Everyone deals with adversity in their own unique ways. Having a better understanding of the different strategies you or your loved ones might employ to cope with difficult situations can help you respond with more empathy and understanding towards each other during times of crisis. This chapter will explore some of the basic ways that people react to stressful life events, and discuss important concepts that play a role in maintaining a healthy psychology.
Everyone has their own way of coping
One of the most common and potentially harmful myths about coping is that people are supposed to cope in a specific way, and that if they don't do this according to the prescribed script it could lead to further problems down the road. The reality is that there is no right or wrong way to cope that is universal to everyone, and different people may employ different strategies for the same event.
In fact, research examining how people cope with difficult emotions has found that we each have several different strategies for coping, and some work better than others under different circumstances. So the same person may switch off between several different means of coping depending on the situation. People shouldn't be expected to conform to any particular set of "grief stages" or be told that they must adhere to a rigid, cookie cutter set of rules in order to heal or overcome a traumatic event.
Myths & facts about coping
Below are several other myths and truths about coping:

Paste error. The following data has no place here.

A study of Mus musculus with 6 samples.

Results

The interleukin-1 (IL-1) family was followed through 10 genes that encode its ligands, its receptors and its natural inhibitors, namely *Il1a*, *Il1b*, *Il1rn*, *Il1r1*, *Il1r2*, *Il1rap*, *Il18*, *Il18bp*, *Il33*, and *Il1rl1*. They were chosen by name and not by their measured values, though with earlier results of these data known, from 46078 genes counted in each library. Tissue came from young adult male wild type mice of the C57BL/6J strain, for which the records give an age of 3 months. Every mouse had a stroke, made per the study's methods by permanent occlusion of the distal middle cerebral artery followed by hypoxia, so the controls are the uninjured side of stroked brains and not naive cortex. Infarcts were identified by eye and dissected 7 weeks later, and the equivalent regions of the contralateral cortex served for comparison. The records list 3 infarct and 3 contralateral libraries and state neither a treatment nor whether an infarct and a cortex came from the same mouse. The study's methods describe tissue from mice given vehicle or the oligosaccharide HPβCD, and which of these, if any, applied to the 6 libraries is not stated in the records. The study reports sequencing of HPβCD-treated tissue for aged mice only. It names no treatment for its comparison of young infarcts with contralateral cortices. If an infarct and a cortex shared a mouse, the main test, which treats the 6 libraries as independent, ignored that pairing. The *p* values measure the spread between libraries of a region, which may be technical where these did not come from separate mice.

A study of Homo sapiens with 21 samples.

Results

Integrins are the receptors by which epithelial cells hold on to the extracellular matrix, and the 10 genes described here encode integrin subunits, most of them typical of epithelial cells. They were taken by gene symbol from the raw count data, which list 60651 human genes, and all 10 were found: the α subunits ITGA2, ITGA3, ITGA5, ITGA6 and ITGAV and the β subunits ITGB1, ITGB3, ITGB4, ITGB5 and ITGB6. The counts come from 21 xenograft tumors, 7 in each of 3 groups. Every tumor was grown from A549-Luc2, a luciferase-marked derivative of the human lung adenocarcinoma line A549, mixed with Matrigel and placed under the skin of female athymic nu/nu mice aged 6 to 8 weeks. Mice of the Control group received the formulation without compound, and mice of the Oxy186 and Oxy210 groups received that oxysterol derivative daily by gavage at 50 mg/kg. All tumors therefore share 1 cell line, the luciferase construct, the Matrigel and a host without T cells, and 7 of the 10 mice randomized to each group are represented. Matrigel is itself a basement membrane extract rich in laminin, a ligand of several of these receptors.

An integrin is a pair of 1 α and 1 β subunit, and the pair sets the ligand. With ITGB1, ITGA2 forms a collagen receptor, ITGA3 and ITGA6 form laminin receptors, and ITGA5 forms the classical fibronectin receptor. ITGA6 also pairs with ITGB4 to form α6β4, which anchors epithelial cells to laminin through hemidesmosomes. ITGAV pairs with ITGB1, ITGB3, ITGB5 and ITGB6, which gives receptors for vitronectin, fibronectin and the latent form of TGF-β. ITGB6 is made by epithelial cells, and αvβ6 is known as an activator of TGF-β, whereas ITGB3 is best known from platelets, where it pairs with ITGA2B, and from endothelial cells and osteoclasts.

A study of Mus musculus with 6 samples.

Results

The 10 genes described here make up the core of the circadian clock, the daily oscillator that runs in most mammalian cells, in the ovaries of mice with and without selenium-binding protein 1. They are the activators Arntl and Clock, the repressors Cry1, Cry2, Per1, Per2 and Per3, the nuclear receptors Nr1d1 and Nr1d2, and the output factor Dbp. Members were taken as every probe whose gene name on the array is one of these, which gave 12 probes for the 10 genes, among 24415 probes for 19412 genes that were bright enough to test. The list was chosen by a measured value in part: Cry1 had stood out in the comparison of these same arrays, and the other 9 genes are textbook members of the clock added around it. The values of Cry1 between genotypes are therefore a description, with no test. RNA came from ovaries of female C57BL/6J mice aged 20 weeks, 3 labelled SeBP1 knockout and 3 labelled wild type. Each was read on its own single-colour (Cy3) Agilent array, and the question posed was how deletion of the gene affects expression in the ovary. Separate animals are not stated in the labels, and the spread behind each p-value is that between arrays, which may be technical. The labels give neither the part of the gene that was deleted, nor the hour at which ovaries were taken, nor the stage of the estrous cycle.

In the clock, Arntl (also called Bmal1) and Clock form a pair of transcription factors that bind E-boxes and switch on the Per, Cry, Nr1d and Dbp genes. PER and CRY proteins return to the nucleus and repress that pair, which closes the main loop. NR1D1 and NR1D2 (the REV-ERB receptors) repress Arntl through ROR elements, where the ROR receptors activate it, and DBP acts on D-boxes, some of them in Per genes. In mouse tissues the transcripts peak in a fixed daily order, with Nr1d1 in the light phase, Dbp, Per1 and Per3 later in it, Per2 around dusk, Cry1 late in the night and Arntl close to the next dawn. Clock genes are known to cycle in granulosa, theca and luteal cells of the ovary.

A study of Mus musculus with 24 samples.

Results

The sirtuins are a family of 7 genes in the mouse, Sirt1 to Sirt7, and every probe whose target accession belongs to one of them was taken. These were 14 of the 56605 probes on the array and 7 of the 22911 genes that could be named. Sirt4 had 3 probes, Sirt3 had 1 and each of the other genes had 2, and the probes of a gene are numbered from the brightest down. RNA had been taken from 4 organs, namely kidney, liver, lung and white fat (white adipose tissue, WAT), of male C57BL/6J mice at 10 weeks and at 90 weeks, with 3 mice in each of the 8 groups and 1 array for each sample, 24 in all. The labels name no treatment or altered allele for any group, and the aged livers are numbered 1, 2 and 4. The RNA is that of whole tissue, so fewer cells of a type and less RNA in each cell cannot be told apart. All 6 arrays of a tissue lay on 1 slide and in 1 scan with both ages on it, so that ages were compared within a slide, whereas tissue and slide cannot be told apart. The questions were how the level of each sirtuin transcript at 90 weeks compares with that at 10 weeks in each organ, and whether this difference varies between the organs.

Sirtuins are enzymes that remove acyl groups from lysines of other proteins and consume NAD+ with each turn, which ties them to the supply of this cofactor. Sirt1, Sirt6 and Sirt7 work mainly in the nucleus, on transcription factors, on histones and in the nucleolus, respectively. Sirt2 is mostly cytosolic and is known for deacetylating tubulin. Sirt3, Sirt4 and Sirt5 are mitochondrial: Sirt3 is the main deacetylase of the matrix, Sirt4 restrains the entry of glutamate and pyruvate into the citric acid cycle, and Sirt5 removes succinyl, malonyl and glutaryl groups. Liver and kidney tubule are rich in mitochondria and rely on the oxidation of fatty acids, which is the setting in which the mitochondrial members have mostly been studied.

Coping myth: It's important for a person to talk about a trauma soon after it has happened.
Coping fact: Forcing a person to discuss the situation too soon tends to make things worse, not better. Having a person talk about a troubling situation before they are ready can reinforce the memory at the precise time when the memory is attached to the most negative emotions. Allowing time for the dust to settle is usually more helpful.
Coping myth: Unless a person confronts a situation, they'll be riddled with problems later.
Coping fact: Many people never feel a need to "confront" a difficult subject and avoid the traditional steps of talking it out that psychotherapists usually promote. Yet they exhibit no signs of struggling with their trauma later.
Coping myth: Recovering from difficult events requires people to relive their childhood or revisit past injustices.
Coping fact: This idea is great for keeping psychoanalysts employed, but it doesn't do much else. Past experiences can certainly shape who we become, but when problems arise, it is our psychology in the present that needs fixing. The idea that reliving the past will free us of present conditions is a pop psychology myth that is entirely unsupported by evidence. (In other words, it's made up, just like the movies.) Research shows that dwelling over past hurts is what fuels depression, so run away quickly from any therapist who tells you this is necessary.
Coping myth: Therapy is always necessary to recover from trauma or difficult life events.
Coping fact: Not only is psychotherapy unnecessary in the MAJORITY of cases, but the wrong type of therapy can actually make things much worse. Words can harm as well as heal, and not all therapists adhere to the science of what has been shown to heal. Furthermore, many studies suggest that the benefits of traditional psychotherapy may not be much better than simply talking things out with friends or even allowing the passage of time to heal our wounds. We don't intend to dismiss the potential help offered by such professionals; it can be extremely valuable, and a competent therapist is always an asset. But nature designed us to weather adversity, and most people are capable of coping and recovering all on their own.